Chicago, Illinois

Page 70


Edgar W. Hayes, a prominent member of the Macoupin County bar, a surviving hero of the Civil War, and a leading business citizen of Bunker Hill, was born in 1837 in Franklin County, Pennsylvania, and is a son of David and Nancy (Colwell) Hayes.

The Hayes family was founded in 1729 in Dauphin County, Pennsylvania, by Patrick Hayes, who came from the North of Ireland. His son David was born there and served as an officer in the Revolutionary War. Wilson Hayes, a son of David Hayes and grandfather of our subject, was also born in Pennsylvania where he reared his family. His son, David, the father of Edgar W., was born in Franklin County, where he died in 1877, aged 67 years, leaving a large estate. In his early political life he was a Whig and later became a Republican. Both he and his wife were members of the Presbyterian Church. His marriage to Nancy Colwell, a daughter of John and Nancy Colwell, allied him with an old and prominent Cumberland County family, whose ancestry and religious leanings were the same as his own. Our subject is the eldest of his parents' family, as follows: Edgar W.; Mrs. Martha Orr of Chambersburg, Pennsylvania; John C., a retired farmer of Litchfield, Illinois; James Hamilton, who died in 1868 in Madison County; David D., a physician of Shippensburg, Pennsylvania; Robert A., who died in July, 1889, at that time being principal of a school; Elizabeth, who married Benjamin M. Need, a lawyer of Harrisburg, Pennsylvania and Joseph S., a farmer residing in the vicinity of Bunker Hill.

Edgar W. Hayes was reared on his father's farm and was given excellent educational advantages, including an academic course at Shippensburg and a classical course at Lafayette College, at Easton, where he was graduated in 1858. At the outbreak of the Civil War he was engaged in teaching school. In May, 1861, he enlisted for the service of his country, and was connected with Company A, 7th Pennsylvania Reserve, of which Colonel Harvey of Wilkes-Barre was the first colonel. It was his fortune to be associated with that branch of the army upon which fell much of the hard work and danger of the great struggle, and he participated in the battles of Yorktown, the Second Battle of Bull Run, South Mountain, Antietam and Fredericksburg. His regiment was with General McClellan in the Peninsular campaign. An attack of typhoid fever closed his army career and he was discharged for disability, after a most arduous and faithful service of two and a half years.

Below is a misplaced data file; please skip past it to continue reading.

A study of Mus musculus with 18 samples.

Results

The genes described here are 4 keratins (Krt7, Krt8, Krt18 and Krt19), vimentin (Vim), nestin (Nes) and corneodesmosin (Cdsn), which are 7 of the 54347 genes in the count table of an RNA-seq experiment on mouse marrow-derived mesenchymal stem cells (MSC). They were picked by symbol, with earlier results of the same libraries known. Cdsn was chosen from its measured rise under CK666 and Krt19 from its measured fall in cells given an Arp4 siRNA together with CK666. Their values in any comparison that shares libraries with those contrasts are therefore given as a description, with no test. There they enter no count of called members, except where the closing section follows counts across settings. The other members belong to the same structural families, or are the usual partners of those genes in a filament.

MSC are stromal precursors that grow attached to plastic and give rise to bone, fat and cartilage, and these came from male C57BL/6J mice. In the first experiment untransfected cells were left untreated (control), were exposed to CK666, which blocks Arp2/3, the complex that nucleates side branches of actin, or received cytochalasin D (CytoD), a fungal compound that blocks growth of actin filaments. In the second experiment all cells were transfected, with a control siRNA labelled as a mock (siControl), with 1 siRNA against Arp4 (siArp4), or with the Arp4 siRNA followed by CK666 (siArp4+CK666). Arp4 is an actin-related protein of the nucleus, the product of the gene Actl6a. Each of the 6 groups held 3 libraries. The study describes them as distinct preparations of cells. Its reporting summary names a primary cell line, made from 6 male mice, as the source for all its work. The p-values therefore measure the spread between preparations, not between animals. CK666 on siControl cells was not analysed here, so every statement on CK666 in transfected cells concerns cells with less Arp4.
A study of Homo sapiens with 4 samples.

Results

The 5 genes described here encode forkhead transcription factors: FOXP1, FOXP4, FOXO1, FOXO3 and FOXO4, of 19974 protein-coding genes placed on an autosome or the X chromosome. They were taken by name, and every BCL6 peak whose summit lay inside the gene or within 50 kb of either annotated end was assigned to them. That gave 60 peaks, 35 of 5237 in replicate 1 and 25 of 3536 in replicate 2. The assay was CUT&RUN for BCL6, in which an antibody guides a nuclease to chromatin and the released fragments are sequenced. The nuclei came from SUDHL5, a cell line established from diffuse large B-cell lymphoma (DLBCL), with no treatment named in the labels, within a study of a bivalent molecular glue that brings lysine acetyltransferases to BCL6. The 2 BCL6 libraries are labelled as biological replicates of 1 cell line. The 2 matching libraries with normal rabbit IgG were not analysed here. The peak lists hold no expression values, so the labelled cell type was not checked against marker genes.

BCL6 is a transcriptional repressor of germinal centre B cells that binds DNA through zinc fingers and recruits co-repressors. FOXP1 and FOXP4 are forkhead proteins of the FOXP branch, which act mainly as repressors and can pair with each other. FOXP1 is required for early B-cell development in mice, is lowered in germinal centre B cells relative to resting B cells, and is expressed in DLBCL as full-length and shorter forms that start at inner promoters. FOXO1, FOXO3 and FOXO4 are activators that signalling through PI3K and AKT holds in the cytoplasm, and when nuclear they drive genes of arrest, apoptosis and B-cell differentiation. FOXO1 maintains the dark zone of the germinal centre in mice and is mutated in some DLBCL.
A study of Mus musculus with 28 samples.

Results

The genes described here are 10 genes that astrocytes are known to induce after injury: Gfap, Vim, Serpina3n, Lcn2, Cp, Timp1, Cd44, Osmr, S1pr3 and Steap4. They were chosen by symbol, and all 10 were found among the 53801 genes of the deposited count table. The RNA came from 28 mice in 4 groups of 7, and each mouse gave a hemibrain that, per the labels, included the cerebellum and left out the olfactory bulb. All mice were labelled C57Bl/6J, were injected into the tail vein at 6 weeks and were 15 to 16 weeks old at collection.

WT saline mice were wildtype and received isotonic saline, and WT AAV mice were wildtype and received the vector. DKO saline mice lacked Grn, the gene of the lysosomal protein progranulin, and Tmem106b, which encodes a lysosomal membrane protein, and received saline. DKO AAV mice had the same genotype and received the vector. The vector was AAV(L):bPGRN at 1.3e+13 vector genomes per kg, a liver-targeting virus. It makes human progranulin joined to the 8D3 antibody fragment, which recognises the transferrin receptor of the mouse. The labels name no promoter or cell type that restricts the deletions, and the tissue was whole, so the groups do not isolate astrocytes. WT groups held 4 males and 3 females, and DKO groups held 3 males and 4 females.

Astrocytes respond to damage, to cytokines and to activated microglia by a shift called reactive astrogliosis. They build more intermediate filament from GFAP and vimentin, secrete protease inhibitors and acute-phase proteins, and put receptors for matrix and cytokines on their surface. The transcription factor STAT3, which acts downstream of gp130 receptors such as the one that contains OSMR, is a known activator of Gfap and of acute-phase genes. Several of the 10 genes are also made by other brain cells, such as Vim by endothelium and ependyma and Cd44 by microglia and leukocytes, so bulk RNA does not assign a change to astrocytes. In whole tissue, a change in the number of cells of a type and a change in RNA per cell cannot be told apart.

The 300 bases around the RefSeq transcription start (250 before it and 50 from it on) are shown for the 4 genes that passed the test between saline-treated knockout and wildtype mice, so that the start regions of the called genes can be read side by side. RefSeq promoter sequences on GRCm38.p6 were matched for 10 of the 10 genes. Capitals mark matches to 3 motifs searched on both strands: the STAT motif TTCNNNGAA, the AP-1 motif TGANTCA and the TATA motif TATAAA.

After regaining his health, Mr. Hayes entered upon the reading of law with Caldwell & McClure, at Carlisle, Pennsylvania, and in the fall of 1865 was admitted to the bar. After two years of practice in Missouri, he removed in 1867 to Bunker Hill, Macoupin County, where he has been identified with a number of business enterprises. He was one of the directors in the nail factory, which at one time was one of the important industries of the place, and was also a director of the cemetery association, and for a number of years was president of the School Board. He is a man of great public spirit and the town owes much to his activity in advancing its interests. In politics he is a Republican, which party would be glad to honor him with office, were it not in the minority.

In 1870 Mr. Hayes married Margaret F. Heck, daughter of Jacob and Margaret (Sturgeon) Heck, and they have had six children, of whom five survive: Edgar H., of Bunker Hill, who is being educated in the law school at Valparaiso, Indiana; Mrs. Margaret G. Grant of Staunton, Illinois, who has three children, - Charles, Margaret and Ralph H.; Mrs. Bertha Sanford, who has one child, Edgar Noble; Ralph H., who is clerking in Bunker Hill; and Joseph A., who is still in high school. Mr. Hayes and family belong to the Congregational Church.

Fraternally Mr. Hayes is a valued member of the Grand Army of the Republic, belonging to J. M. Hubbard Post, No. 721, of Bunker Hill. He is a man of acknowledged ability, with mind enlarged and broadened by travel. His vacations have been spent in various parts of the Union, from the Atlantic to the Pacific, and one interesting trip took him to Panama, Central America. He is held in very high esteem in Bunker Hill and is considered one of the representative men of this progressive little city.